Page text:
KPMG revelations bring ethics guidelines into question
May 19th, 2017 - 2:27pm
The Fifth Estate is delivering body blows to the government when it comes to their response to the offshore tax avoidance scheme developed by the accounting firm KPMG. Despite the work of the investigative program, much of the damage appears to be self-inflicted and only looks worse when framed by promises made during the election and while in government that appear to be going un-fulfilled.
If you will recall the KPMG saga began in the autumn of 2015 with revelations that wealthy Canadians had used a shell company on the Isle of Mann along with tax exemptions available for monetary gifts as a way to avoid paying taxes on large sums of money. At the time Revenue Canada called the scheme a sham but eventually the tax agency came up with an amnesty deal for the scheme’s participants.
By May of 2016, as more details of the KPMG scandal were coming to light, the Minister of National Revenue said the government’s position on tax evasion and tax avoidance schemes was unequivocal , and that all participants must be identified and brought into full compliance with all their tax obligations. This happened at the same time as the Panama Papers leak exposed tax cheats all around the world and there was an appetite for tough talk on the subject.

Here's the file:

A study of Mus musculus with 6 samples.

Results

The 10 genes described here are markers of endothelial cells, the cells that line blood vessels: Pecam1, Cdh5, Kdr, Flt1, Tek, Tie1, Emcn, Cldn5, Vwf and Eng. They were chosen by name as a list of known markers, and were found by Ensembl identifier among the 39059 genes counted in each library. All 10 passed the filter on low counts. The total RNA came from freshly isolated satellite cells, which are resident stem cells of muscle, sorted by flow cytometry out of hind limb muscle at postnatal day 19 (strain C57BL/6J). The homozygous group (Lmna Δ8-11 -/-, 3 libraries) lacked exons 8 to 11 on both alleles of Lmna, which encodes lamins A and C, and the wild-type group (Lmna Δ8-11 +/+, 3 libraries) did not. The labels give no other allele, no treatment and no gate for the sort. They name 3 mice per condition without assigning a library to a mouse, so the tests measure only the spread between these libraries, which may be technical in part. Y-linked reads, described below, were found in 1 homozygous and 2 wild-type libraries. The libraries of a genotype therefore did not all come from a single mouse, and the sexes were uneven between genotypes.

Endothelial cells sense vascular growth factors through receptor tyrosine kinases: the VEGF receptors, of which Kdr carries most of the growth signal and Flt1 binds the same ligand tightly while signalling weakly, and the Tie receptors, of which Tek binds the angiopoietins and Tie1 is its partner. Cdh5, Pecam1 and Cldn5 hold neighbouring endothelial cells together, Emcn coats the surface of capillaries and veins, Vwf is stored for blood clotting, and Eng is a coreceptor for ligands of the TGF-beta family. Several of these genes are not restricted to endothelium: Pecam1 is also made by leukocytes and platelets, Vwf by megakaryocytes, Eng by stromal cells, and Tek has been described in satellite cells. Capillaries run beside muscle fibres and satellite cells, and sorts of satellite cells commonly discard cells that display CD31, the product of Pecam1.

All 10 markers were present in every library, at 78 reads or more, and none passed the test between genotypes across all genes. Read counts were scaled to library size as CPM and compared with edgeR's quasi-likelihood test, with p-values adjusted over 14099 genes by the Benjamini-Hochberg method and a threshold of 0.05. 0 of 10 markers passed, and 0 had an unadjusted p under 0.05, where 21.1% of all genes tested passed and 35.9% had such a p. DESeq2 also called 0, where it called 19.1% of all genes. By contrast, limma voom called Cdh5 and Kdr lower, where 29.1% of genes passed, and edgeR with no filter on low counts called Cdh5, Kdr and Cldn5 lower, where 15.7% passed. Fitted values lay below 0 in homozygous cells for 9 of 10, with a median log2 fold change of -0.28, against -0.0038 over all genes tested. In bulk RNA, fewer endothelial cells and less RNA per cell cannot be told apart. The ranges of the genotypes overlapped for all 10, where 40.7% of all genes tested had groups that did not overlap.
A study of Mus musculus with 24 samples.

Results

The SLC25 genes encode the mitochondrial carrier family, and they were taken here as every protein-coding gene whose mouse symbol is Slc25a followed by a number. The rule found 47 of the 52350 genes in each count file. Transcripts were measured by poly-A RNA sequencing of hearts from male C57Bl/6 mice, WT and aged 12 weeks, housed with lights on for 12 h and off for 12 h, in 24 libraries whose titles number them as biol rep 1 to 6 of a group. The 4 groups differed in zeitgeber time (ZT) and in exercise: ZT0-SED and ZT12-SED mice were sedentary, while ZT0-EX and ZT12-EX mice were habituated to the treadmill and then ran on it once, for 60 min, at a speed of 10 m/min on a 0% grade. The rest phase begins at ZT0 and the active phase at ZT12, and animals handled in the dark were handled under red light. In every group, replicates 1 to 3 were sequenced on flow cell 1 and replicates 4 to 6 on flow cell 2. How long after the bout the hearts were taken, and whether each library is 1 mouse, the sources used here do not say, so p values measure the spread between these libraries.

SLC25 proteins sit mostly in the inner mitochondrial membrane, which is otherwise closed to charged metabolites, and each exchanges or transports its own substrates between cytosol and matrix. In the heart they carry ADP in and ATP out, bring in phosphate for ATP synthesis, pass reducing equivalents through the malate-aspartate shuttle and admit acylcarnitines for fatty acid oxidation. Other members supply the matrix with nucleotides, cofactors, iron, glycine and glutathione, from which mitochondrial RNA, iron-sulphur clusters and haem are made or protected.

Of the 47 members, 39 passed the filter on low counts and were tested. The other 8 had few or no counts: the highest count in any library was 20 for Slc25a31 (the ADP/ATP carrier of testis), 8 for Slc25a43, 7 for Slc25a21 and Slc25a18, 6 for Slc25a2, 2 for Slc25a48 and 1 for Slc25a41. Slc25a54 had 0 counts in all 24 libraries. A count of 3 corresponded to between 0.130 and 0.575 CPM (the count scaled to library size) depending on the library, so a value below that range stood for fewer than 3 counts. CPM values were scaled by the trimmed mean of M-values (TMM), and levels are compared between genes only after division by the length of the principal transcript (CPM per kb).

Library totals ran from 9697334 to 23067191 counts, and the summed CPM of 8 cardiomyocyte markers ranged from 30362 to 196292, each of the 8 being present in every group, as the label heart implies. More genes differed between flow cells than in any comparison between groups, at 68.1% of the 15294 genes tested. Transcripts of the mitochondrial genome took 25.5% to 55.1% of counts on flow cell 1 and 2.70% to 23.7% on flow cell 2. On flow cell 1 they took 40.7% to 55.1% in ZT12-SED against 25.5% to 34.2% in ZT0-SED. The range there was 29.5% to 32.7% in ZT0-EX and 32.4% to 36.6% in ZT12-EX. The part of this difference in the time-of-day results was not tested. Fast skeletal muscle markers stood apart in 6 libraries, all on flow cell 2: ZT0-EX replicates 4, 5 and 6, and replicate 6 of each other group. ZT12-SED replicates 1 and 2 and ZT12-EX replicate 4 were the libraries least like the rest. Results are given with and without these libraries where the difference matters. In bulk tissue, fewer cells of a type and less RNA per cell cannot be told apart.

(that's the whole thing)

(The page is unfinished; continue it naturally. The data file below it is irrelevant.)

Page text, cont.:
Somewhere along the line the Minister’s commitment went missing in action and last year Liberal MPs voted to kill the investigation into KPMG. Later that same month a director from KPMG was appointed as Treasurer of the Liberal Party. In the words of Tom Mulcair, "Ending the KPMG investigation and then hiring somebody from KPMG — that's called a conflict of interest."
Now the Fifth Estate is revealing that a Liberal government appointee who was named to lead a panel that is supposed to crack down on offshore tax avoidance attended an overseas conference which included social events where KPMG was a top financial sponsor. In addition to that, the program also revealed that two members of the panel resigned in the autumn after one raised concerns that the committee was not arms-length from the Canada Revenue Agency.
No matter which way you look at it, the government looks less interested in chasing tax cheats than it does in protecting them. It might explain why they have not implemented specific measures to support tax fairness like ending secret, penalty-free amnesty deals for tax evaders. Worse there is little interest in even appearing to be free from conflict. The close relationship between KPMG and the governing party should invite the kind of scrutiny the Fifth Estate is undertaking.
The Liberals were elected on the promise of defending the middle class, but they have gone to the wall to protect the interests of well-to-do Canadians. The ethics guidelines that were supposed to protect the government from influence have been cast aside for the interests of the Liberal Party. Whether that be through the appointment of party officials from companies that should be under investigation or selling access to government officials at expensive party fundraisers, these guidelines are not doing the job they were supposed to.